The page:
Terminal hands-on and logs

Alright it is time to install couple of apps without using graphical interface of package manager and look into logs a bit.

#1 – Game
First of all it is a perfect time to play some game. And after command “apt-cache search rpg” simply because rpg is one of my favourite genre,¬† the console gives me a lot of choice, but after reading some of the description I decided to go with “freedroid”, so with simple command “sudo apt-get install freedroid” in few seconds I can start playing. And I should say it is incredible. A lot of action, it is not rpg at all but still playable if you are fan of 8-bit music.


#2 System monitoring

So searching for some tool to monitor system activity – search game me an option called “ksysguard”, Seems that it has quite many dependencies and because of my slow internet it takes a while to install. Seems that everything is running smoothly and nothing to worry.

#3 Glitch in the matrix
You know that – matrix has you. But don’t be upset and just follow a white rabbit and chose right pill. An application cMatrix will turn you console into matrix monitor as well as it is possible to run the program in a screen saver mode.

Logs are located in var/log directory so being in var working directory typing a command “tail -f log/*” will allow you to monitor and follow all logs in the directory. And for example, changing a language will affect in changes in Xorg.0.log

Or for example, opening a date and time settings will cause the changes in syslog like that


Terminal is very efficient, fast and useful tool in most of the activities but only as long as you know how to use it. There is no way to read a book and learn all the commands you might need. So the only option is to learn “at-need” by doing.

Command line and arguments

In many cases command line is more handy to use. But that’s applies only if you know what to do. Well the basic commands are quite easy “ls” – list files and folders in current directory, “pwd” – print working directory, “cd” – change directory and so on. But on top of that with different commands it is possible to use arguments or so-called flags.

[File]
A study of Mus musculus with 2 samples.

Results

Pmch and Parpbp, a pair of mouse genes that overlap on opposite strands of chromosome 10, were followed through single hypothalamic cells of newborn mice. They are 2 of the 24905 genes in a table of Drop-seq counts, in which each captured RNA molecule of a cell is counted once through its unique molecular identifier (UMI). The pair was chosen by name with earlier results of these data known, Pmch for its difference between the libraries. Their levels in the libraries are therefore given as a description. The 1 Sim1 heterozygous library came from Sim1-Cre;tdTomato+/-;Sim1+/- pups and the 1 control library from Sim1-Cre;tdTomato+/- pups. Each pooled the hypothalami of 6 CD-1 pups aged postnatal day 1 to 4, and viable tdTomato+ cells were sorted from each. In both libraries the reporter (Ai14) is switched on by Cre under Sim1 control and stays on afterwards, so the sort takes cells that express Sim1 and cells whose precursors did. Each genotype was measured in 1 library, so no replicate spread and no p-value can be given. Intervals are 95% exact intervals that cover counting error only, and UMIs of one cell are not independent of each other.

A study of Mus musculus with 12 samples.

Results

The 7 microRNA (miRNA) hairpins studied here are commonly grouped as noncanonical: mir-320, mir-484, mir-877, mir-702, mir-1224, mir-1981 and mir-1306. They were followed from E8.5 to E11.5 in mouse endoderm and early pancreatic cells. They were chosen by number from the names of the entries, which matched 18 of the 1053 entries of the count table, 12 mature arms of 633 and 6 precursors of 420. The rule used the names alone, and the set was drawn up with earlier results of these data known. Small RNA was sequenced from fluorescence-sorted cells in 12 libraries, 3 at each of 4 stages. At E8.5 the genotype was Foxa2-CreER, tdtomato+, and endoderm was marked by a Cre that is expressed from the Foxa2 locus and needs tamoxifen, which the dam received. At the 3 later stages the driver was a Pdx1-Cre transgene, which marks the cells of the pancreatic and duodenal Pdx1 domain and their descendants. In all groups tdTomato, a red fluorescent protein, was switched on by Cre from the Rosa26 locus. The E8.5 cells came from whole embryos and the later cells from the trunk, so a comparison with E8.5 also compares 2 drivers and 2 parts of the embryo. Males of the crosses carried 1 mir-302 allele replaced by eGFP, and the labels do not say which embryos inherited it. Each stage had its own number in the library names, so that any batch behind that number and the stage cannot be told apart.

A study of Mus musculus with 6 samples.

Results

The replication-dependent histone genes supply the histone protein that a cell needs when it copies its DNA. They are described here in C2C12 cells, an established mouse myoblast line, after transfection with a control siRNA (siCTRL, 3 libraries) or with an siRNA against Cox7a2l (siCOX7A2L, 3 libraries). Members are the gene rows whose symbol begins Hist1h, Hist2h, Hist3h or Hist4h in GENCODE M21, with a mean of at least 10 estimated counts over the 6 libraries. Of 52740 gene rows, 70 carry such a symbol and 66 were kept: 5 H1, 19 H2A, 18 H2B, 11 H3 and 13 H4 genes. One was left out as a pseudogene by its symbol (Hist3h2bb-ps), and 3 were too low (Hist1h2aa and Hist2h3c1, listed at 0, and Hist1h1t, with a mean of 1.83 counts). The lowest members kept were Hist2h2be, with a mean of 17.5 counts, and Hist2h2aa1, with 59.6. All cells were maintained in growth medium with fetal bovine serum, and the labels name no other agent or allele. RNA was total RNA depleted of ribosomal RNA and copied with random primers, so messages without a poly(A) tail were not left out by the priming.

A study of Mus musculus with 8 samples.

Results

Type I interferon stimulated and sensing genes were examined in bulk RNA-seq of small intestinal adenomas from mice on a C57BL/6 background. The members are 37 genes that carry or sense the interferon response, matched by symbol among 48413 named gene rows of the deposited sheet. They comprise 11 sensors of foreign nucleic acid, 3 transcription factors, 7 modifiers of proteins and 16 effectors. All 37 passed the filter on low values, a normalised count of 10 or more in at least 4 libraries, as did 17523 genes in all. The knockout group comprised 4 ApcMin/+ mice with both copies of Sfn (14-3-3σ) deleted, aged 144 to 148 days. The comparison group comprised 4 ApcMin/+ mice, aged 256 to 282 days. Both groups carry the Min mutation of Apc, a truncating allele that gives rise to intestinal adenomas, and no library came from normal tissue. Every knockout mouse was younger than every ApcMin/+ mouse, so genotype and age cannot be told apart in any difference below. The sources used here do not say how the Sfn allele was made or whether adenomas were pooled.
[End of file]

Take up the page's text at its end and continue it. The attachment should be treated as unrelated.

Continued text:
One of the example would be “ls -a” which means something like list All the folders and files in the directory. When it comes to application it is always possible to see the arguments that particular application can accept using “-h” parameter, for example “nano -h”, and then I can for example find a “-V” parameter which with most of other applications as well will display current version and year of build of the application. The other example would be with apt-get package manager, it is possible to pass a parameter “-y” so that all the question will be answered with yes.

There are many other flags and it is quite difficult to learn them and with which application they can be used without really trying out at need. So probably it would be a good idea to learn command line commands and arguments while you actually trying to do something with terminal. Over and out.

Apps with Software Center

Today is the day… To get into Ubuntu software center and install couple of apps. Based on my personal experience the software center is quite good thing, however for new user it’s might be a little difficult to learn about open source software alternatives for apps they used previously. But google search – helps a lot. So in the end it is nothing but pleasure.

Here we go
First of all I have one problem – I sleep soundly. Even if in nearest neighbourhood an earthquake occurred, it wouldn’t disturb me even a bit. So the usual case is that – in order to wake up at 6 a.m. I need couple of loud alarm clocks around. One of them can be found in software center –¬†Alarm clock applet.

The App is just amazing. Easy, Simple, straight forward and what most important is reliable. What else you need to ensure that you’ll wake up in time?


Numero deux
Well, if you want to succeed in life – waking up in time is not the only thing you need to ensure. So called “To Do” list is what each and every busy person should have, otherwise anarchy and chaos in task management might simply ruin your life. For that purpose one of the best apps in software center is ‘Nitro’
It has not only a GUI client, but also can be assessed through browser as a web app. As many other linux apps it keeps that simplicity that I like so much – nothing extra – just exactly what you need to accomplish your goals.
Easy to use, easy to set up and order items in the list. It has search box as well in case you are very lazy person and list will expand insanely over the time.

Numero trois
And finally just to stay busy – we need an IDE. There are plenty, but at that time I’ll go with Eclipse.
Installation is nice and easy for all the apps, it takes literally seconds for package manager to resolve dependencies and download app. And you know what? – linux doesn’t ask you for reboots when you installing or deleting something as windows does it.

Anyway, after downloading goes usual procedure – define working directory and create your new awesome project. That’s pretty much it – there is nothing else to tell, since the software center is so nice and easy to use. Hope you’ll enjoy. Over and out.